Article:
As part of the plea deal with prosecutors, Binance has agreed to pay the United States Department of Justice (DoJ) $4.3 billion.
The chief executive officer (CEO) of Binance Changpeng Zhao (CZ) has pleaded guilty to federal money laundering charges and announced he is stepping down from the helm of affairs at the world’s largest cryptocurrency exchange. Zhao stepped down as part of a deal that could let Binance continue its operations uninterrupted, according to a WSJ report. The former CEO pleaded guilty in Seattle federal court on Tuesday.
Changpeng Zhao Leaves CEO Position at Binance
In a long-form post on X (formerly Twitter), Zhao announced his departure from the CEO role. However, the CEO did not directly specify in the message that a plea deal informed his decision to step down:
“Today, I stepped down as CEO of Binance. Admittedly, it was not easy to let go emotionally. But I know it is the right thing to do. I made mistakes, and I must take responsibility. This is best for our community, for Binance, and for myself.”
According to Zhao, now former Global Head of Regional Markets at Binance Richard Teng has taken over as the CEO. According to his LinkedIn page, Teng has been at Binance for over 2 years, rising quickly through the ranks. He became the CEO of Binance Singapore in August 2021 and maintained the role for 5 months before being promoted to the Regional Head of the MENA region in December 2021. After 11 months, Teng became the Regional Head of Europe and MENA and was promoted twice in about 8 months to Head of Regional Markets in May 2023. The new CEO is an experienced hand, formerly in management roles at the Monetary Authority of Singapore and the Singapore Exchange (SGX). Teng also spent 6 years as the CEO of Abu Dhabi Global Market (ADGM).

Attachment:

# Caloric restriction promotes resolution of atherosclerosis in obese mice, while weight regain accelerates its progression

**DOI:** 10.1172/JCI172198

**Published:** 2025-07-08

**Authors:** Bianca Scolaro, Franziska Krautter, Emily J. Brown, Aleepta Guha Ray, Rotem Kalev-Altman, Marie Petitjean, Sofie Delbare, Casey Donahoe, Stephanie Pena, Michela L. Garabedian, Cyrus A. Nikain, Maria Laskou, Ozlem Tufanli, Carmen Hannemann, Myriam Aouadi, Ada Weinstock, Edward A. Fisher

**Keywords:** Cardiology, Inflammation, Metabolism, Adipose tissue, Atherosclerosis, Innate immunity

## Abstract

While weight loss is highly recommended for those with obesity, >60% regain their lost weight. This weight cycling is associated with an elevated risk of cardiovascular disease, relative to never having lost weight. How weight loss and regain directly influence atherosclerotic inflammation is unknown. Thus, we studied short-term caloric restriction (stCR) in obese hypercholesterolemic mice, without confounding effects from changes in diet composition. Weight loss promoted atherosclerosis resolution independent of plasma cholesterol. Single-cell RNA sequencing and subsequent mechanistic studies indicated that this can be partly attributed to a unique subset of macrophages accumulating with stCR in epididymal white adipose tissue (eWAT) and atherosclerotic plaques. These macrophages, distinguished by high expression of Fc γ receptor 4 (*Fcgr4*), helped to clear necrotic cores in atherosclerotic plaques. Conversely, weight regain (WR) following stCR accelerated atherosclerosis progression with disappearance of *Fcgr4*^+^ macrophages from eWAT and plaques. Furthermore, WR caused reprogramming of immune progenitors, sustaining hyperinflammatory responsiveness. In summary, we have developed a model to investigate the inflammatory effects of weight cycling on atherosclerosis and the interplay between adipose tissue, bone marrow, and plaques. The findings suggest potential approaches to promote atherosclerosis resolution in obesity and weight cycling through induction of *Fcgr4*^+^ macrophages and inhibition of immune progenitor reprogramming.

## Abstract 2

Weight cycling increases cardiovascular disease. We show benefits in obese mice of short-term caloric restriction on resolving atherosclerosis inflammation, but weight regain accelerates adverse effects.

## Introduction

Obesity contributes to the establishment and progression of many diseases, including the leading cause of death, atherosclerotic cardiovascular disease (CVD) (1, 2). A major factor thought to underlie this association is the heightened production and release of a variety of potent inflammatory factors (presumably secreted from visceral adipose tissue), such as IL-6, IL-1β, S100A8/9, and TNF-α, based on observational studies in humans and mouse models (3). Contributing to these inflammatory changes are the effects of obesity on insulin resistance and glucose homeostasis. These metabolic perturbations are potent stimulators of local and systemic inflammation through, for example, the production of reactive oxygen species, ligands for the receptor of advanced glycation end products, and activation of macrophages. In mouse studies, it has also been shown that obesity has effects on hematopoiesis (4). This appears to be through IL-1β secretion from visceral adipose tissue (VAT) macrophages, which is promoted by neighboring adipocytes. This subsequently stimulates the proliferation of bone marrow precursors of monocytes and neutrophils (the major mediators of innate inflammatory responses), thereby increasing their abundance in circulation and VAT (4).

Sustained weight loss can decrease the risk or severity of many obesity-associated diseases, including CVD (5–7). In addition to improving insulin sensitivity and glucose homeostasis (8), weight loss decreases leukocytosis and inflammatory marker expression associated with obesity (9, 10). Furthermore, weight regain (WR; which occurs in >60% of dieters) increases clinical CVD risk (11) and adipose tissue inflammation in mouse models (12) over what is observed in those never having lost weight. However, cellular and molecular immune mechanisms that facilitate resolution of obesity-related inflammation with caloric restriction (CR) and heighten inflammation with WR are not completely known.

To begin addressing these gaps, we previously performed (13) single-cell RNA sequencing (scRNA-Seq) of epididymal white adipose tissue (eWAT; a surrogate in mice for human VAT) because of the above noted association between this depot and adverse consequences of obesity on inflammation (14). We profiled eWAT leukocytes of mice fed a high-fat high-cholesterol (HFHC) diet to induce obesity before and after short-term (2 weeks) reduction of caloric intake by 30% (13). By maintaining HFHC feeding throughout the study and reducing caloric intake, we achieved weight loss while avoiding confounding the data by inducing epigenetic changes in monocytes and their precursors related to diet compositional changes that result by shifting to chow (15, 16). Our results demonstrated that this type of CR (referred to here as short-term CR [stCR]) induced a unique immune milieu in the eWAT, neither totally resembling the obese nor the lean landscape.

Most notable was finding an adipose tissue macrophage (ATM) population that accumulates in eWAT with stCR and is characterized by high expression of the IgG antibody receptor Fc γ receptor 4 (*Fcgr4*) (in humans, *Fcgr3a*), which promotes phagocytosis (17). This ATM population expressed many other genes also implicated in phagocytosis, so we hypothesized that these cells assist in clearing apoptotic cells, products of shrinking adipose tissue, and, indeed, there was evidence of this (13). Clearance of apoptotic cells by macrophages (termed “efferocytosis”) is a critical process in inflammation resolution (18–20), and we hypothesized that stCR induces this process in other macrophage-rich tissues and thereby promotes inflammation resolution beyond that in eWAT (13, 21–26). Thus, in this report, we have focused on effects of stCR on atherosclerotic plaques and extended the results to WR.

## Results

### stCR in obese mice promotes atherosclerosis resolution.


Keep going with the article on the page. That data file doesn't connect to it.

As part of the plea deal with prosecutors, Binance has agreed to pay the United States Department of Justice (DoJ) $4.3 billion. There are also agreements with several other agencies, including the Commodity Futures Trading Commission (CFTC), the Department of Treasury’s Financial Crimes Enforcement Network (FinCEN), and the Office of Foreign Assets Control (OFAC). Binance will reportedly lose $1.8 billion to these agreements.
Alleged Binance Misconduct
Recently unsealed charging documents contain details of Binance’s misconduct over the years. According to reports, Binance focused heavily on the US market, targeting “VIP” customers who could considerably increase the exchange’s trading volume. Court filings also show that in 2018, up to 30% of Binance’s web traffic and nearly as much revenue, came from the US. Zhao allegedly did not take adequate measures to filter said customers even though he knew the exchange did not satisfy US requirements.
Although Binance.US launched in 2019, the main exchange had 16% of its customer base from the US by September 2020 despite the restrictions. Allegedly, Binance deliberately replaced the “United States” part of its customer base pie chart with “UNKWN”. Between August 2017 and October 2022, US customers conducted transactions worth trillions of dollars and generated profits worth $1.6 billion.
In addition, documents allege that Binance facilitated “at least 1.1 million” transactions worth about $900 million. The exchange allegedly made staff ignore illicit users and allow these transactions if they were VIP customers.
Nonetheless, the Binance CEO’s X post assures that all Binance funds are SAFU. He points out that prosecuting agencies “do not allege that Binance misappropriated any user funds” or “engaged in any market manipulation”.